When I was younger, creation was a part of the everyday lives of the women and men living in my community, especially for my grandparents. People—most often those living in rural communities like my hometown—were deeply connected to the land. They made their own bread, got milk from their own cow, and grew everything they ate. Every summer we would sit on the back porch and shell peas and “put up” corn, and that’s what we ate throughout the year. This generation was a collective of artisans in their own right.
These women and men created sustainable products to nourish, clothe, and care for their families by using the materials that were readily available to them. Though they were highly skilled, they were humble about it and didn’t celebrate their work. At Alabama Chanin and The School of Making, we have spent decades building a sustainable business that celebrates the living arts and looks back to a slower way of living and making. By doing so, we preserve these unique craft traditions that have faded over time. We value the relationships to the products we create and believe they should enhance the quality of our lives and the planet.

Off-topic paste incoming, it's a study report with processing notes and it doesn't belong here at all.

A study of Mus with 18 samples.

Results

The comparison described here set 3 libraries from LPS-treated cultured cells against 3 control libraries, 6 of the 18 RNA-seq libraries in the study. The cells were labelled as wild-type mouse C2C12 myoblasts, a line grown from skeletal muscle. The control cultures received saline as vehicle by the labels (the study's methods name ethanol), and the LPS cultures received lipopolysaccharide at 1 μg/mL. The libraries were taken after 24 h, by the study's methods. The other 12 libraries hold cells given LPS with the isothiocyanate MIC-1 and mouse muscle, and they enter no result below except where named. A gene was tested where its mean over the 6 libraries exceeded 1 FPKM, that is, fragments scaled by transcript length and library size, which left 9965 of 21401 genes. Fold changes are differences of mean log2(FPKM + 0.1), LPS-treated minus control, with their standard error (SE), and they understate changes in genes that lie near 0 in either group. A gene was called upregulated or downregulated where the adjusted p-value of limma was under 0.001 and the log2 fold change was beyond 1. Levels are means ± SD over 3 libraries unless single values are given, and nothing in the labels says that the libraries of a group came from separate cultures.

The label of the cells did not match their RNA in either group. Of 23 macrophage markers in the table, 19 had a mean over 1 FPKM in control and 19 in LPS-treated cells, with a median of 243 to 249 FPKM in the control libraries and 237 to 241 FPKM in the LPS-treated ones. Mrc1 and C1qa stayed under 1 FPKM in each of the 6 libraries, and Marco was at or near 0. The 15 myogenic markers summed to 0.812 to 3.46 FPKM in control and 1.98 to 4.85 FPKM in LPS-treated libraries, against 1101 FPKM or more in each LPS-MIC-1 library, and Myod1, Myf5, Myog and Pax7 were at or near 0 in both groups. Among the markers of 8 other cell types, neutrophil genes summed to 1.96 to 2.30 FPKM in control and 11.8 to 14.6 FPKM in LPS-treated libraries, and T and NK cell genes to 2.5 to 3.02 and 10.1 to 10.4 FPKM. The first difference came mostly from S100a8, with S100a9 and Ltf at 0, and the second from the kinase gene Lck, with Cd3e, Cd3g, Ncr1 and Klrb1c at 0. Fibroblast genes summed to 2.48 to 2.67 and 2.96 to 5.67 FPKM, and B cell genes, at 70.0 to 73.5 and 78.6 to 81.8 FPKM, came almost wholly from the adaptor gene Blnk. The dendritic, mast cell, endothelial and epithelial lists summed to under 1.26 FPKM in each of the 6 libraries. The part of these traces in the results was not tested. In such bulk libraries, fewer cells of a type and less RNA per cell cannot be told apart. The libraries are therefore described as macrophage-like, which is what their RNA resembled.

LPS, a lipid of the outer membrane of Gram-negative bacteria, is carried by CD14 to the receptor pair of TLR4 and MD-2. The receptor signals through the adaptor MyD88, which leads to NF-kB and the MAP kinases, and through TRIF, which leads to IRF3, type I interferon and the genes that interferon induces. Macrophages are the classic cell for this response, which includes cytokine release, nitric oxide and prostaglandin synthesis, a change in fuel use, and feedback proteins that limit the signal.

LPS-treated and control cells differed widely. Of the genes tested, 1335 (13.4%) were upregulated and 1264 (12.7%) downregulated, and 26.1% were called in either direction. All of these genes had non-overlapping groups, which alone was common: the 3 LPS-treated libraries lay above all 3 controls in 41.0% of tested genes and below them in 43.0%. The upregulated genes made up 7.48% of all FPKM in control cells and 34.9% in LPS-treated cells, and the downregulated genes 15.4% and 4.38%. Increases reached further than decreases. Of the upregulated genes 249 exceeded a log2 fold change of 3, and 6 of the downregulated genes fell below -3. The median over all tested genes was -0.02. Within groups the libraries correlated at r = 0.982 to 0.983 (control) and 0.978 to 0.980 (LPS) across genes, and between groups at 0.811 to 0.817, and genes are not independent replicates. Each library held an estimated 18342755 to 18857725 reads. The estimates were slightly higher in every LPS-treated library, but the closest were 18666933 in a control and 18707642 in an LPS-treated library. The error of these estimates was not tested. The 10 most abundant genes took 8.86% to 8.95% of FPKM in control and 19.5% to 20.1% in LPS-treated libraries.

Last fall, I had the privilege of speaking about my upbringing, career, and life’s work at a slow living retreat hosted by sustainable lifestyle and apparel brand Lady Farmer. We talked about these very subjects—making in past generations, self-sufficiency, and ties to our communities. The conversation evolved with discussions on overcoming challenges as a sustainable business, shifts in the fashion industry, and the future of textile production.
It is shared as a live recording on their podcast, The Good Dirt.
Mary E. and Emma Kingsley co-founders of Lady Farmer
Lady Farmer co-founder Mary E. Kingsley writes, “Slow living can mean different things to people, but we think of it as simply making conscious choices about how we live our lives. It’s about paying attention to how we spend our time, money and resources, and how to be more mindful of and connected to the sources of the things we need and use every day, such as our food, clothing and products of daily living.”
They value the art of the maker, “who takes the time and care to create with their hands, and the time honored crafts that combine human ingenuity and skill with natural, non-synthetic materials to create necessities for daily life.”